Comment: Defeating APT in the Cyber Trenches

The Maginot Line concept didn't work for the French, and it likely won't work for your organization either, says Jim Butterworth
The Maginot Line concept didn't work for the French, and it likely won't work for your organization either, says Jim Butterworth

We’ve spent billions building and establishing our perimeters, erecting and fortifying our firewalls, placed tactical sensors within each boundary area, automated our sentry watch operations, and created whitelists and signatures for identifying friend versus foe. All of which have left us with the cyber equivalent of the Maginot Line. We can comfortably state that we have placed a tremendous amount of funding and effort in defending. But just how well have these perfect digital walls worked for us so far?

Not so well it would seem, when you consider the increasing incidence of APT attacks. It doesn’t matter whether they are individual, group, or state-sponsored, politically or financially motivated – attackers’ ability to continuously adapt their techniques and tactics is what allows them to remain persistent and stay entrenched in the network for so long.

APT hacking tools such as private remote access tools (RATs) built from private-source code as well as SQL grinders, .NET malware, and sophisticated encryption schemes cannot be detected by anti-virus or other traditional security methods, because they have been designed and tested against them.

The bottom line is that APTs have been successful to date because many organizations have failed to accept the new reality – that cyber intruders are already in your network.

Breaching Digital Walls One Brick at a Time

Today, organizational digital fortifications are being overrun or circumvented. Indeed, any large network with valuable data should assume that a compromise has already occurred.

When corporations are breached, they are left with an enemy either within their walls, or just outside the DMZ, in the trenches. How do you recognize their presence? How do you follow their tactics, techniques and procedures going through (or around) your parameter when they use:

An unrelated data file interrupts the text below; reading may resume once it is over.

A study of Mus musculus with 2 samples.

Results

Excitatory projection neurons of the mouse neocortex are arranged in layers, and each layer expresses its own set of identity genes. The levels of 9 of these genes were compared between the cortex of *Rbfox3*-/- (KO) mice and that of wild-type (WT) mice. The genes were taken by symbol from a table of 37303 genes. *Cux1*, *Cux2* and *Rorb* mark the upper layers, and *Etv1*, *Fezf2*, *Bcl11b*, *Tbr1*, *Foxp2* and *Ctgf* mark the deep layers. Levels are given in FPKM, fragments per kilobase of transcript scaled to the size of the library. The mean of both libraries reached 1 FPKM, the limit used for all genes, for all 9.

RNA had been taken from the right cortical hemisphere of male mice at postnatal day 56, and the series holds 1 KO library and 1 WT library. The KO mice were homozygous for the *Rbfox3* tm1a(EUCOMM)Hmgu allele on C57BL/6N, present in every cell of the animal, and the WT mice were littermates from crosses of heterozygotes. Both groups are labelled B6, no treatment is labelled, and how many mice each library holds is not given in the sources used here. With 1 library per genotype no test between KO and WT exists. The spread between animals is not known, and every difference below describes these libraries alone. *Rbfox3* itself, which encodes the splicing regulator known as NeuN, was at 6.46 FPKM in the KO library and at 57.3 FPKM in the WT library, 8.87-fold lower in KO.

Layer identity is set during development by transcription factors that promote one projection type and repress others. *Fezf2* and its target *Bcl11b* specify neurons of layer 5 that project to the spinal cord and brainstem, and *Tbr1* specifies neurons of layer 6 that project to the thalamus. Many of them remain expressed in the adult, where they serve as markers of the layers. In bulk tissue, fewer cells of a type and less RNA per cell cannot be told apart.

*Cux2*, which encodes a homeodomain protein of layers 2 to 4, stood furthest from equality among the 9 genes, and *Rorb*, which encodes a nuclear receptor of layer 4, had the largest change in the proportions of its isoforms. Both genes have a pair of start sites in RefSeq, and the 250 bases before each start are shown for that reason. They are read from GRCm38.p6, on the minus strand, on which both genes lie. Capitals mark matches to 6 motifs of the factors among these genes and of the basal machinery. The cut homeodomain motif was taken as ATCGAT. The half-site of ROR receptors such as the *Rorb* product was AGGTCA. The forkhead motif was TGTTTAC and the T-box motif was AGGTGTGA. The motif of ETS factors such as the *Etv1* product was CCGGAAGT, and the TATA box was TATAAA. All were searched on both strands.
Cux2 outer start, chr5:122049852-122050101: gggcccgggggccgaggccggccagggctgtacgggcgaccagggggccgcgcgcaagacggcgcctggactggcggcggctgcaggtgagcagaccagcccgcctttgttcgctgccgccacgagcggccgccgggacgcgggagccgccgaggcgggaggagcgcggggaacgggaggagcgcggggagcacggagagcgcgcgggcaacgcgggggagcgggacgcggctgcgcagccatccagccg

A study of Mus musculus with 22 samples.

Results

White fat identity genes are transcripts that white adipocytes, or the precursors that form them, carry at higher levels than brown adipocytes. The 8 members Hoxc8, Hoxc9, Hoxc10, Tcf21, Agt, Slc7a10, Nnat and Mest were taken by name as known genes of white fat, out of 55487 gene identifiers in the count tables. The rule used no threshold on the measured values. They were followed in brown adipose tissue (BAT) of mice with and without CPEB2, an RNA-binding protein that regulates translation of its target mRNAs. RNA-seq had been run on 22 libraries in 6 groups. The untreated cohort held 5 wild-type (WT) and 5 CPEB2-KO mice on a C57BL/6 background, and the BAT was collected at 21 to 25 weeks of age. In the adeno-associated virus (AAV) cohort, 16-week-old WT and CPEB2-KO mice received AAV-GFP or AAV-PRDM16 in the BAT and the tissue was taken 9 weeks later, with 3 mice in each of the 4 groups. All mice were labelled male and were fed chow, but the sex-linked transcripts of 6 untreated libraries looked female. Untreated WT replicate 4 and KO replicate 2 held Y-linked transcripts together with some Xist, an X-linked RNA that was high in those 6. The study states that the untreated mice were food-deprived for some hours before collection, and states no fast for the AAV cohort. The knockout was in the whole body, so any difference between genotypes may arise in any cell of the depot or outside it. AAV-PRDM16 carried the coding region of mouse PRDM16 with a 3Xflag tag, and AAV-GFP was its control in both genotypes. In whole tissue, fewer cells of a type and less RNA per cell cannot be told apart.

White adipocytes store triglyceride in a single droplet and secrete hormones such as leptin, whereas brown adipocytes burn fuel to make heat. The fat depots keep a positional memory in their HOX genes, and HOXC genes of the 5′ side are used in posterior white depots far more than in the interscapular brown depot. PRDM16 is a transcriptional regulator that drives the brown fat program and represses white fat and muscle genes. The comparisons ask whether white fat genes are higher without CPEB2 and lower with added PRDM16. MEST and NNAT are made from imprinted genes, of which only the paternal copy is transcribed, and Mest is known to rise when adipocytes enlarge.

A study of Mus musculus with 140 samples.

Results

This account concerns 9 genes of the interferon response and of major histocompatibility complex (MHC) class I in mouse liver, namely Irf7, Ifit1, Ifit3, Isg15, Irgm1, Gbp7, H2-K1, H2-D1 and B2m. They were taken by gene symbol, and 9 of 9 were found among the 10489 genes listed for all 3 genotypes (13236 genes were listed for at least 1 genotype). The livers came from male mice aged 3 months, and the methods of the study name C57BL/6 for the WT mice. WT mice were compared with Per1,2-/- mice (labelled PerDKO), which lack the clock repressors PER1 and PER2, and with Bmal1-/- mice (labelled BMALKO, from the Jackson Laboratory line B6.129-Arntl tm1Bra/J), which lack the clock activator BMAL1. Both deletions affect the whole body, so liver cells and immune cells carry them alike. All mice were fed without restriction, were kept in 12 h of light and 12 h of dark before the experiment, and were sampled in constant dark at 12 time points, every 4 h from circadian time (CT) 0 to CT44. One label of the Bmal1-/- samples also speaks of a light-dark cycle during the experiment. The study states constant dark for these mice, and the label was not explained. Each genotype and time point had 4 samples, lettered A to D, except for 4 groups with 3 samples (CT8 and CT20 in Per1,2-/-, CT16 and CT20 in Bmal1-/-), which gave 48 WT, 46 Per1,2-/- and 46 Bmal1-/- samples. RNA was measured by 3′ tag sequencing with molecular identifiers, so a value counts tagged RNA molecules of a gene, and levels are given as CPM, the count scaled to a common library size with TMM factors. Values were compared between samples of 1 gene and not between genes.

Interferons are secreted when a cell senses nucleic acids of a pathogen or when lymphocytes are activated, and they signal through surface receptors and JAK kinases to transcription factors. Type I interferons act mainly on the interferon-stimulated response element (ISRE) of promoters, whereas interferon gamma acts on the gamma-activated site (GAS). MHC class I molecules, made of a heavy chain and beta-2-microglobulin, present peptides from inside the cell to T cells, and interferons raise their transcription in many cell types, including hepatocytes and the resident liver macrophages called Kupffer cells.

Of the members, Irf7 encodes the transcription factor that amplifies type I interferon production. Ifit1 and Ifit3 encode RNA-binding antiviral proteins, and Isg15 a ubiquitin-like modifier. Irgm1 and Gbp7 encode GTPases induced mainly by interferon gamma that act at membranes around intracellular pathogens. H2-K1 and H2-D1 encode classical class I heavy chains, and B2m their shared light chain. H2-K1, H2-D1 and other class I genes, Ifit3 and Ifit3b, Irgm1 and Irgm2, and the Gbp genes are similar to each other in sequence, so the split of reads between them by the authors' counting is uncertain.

• Laser sighted focus
  • Stealth
  • Swiftness
  • Deception
  • Adaptability
  • Resilience
  • Persistence
  • Camouflage
  • Patience

With an enemy so ‘up close and personal’, you are left with two choices: retreat or defeat.

Fighting and Defeating APTs in the Network

Organizations must be willing to accept the reality that perfect digital walls using traditional solutions can't really be built. This is not a compromise, or an admission of defeat. It’s simply the first step in learning to wage battle where it’s really happening.

Most organizations have perfected a retreat strategy by ignoring indicators, patches and fixes, adding signatures, making everyone authenticate, enforcing standards, and getting around big tables and large screen displays to talk about the problem until we cannot endure another PowerPoint slide. What they have not done, however, is discuss or acknowledge the inherent right of self-defense against a determined foe. So, what does this mean?

"We live in a digital world; retreat is not an option"

Is ‘self-defense’ limited to passive activities taken to shore up your defenses, or could it mean to actively defend your network? The latter approach favors an ‘equal and appropriate’ application of countermeasures necessary to halt the activities of an attacker.

How do you know what is ‘equal and appropriate’? It starts with threat intelligence that has enough fidelity and granularity to allow you to disassemble the attacker’s offensive techniques and focus your attention on rooting them out. If you read and interpreted that as ‘hack back’, then you misunderstood my meaning. Technology exists today that takes the secret sauce out of reverse engineering so you can quickly and easily shine a spotlight on the attackers and thwart their continued incursions into your organization.

The longer an attacker remains in the network, the more likely you are to discover it. Nevertheless, the longer a compromise goes undetected, the greater the chance of data theft and loss. Many attackers will steal data over time, slowly releasing material outside of your company.

In order to defeat, you must be willing to wage daily cyber trench warfare. You must be willing and technically able to look where you don’t want to and have the courage to accept what may be revealed.

The good news is that APTs can be detected and evicted from the network. After an intrusion, the APT attacker is highly exposed due to their interaction and lateral movement, which can leave a great deal of forensic evidence on the compromised hosts.

To maintain pace with your adversaries, you need to see them in your cloud, across your wire, up your stack, into your heap, and maybe – if you’re lucky – onto your disk. Runtime is where we’re waging cyberwar. Active defense means checking runtime for signs of the cyber adversary.

We live in a digital world; retreat is not an option. Instead, take your hands off of your mouse, grab an assembly language book, and dive into the trench.

Jim Butterworth is the CSO at HBGary. Previously, he worked at Guidance Software, where he was the senior director of cyber security. Exclusively client focused, Butterworth brings 15 years of ‘in-the-trench” experience in computer network operations and incident response with him, having conducted engagements worldwide, in every industry, specializing in critical infrastructure protection and highly sensitive networks.